Attention chiefs of party: Here's how to have a successful project launch

Staff members of USAID’s Development Innovations project in Cambodia. Photo by: Development Innovations Cambodia

“Chief of party” is the job title most commonly used for the overall project lead on a United States Agency for International Development-funded program. While the exact duties of a COP can vary, this person plays a critical leadership role in the launch and management of a project. Tasked with overseeing project implementation, the COP is involved in a wide range of activities from hiring staff, to guiding project strategy, to managing financial budgets and donor relationships. Devex spoke to several professionals with chief of party experience in a range of regions and sectors to find out what contributes to a successful project launch and what they would do differently next time round. Here’s what they said.

Recruit the right people

During the startup phase, chiefs of party should invest considerable time in hiring the right people. Identifying a strong team from the beginning is one of the “critical responsibilities” of a chief of party and something that can make or break the project, says Jane Kellum, an education and gender specialist who was COP for more than two years for a Care project in Haiti. Things can of course be tweaked and fixed further down the road, but it is more difficult she adds, so “establishing and finding the right team from the very beginning is a critical part of that beginning launch of the project.” Kate Heuisler, who is currently overseeing USAID’s Development Innovations project in Cambodia, agrees that staff are one of the most critical elements for project success, particularly “the quality and diversity of the people on the team.”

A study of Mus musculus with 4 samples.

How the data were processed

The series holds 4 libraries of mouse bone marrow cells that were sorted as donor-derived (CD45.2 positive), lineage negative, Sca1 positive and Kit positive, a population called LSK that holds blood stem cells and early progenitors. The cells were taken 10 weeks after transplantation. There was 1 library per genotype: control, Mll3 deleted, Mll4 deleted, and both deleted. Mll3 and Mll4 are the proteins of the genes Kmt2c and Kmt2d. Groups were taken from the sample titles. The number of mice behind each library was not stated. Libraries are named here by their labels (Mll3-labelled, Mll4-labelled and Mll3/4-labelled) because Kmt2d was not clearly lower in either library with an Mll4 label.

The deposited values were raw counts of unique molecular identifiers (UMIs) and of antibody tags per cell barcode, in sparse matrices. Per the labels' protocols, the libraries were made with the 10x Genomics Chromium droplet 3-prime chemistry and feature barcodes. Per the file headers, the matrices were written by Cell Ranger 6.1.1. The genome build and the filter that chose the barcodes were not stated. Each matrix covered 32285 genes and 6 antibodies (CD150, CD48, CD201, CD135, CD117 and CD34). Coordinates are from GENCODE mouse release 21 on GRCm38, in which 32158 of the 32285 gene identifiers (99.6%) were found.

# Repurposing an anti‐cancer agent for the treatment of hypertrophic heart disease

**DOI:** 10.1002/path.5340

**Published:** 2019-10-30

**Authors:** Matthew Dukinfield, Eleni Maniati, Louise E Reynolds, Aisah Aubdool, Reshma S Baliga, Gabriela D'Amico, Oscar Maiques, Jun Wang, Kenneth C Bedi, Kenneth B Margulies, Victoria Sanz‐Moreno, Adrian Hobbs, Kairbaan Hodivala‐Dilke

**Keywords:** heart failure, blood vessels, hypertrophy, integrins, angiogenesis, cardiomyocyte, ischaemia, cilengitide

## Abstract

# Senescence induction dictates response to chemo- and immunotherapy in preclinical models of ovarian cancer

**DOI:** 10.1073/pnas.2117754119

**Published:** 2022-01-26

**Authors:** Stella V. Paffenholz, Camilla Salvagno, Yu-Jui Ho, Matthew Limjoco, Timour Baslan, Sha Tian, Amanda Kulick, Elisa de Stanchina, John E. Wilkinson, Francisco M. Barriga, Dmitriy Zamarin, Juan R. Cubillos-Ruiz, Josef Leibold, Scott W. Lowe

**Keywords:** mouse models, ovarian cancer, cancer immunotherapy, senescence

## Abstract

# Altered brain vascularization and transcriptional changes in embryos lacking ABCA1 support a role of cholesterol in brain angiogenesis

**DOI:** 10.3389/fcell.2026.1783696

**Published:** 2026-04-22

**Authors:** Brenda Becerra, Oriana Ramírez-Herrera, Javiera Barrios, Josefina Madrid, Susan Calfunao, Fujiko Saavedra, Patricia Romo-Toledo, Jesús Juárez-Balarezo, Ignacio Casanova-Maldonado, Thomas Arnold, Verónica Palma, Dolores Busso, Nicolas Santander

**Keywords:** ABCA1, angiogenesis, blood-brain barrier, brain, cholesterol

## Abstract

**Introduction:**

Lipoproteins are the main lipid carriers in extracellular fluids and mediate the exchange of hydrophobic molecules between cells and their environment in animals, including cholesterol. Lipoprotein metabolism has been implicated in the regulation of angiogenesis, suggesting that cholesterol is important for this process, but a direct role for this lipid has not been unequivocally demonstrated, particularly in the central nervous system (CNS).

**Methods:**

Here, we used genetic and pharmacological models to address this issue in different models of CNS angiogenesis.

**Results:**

• Emma smith

    Emma Smith

    Emma Smith is a Senior Careers Reporter at Devex, based in Barcelona. She focuses on bringing the latest career and hiring trends, tips, and insights to our global development community. Emma has a background in journalism and, in addition to writing for news publications, has worked with organizations focusing on child rights and women’s rights in sustainable development.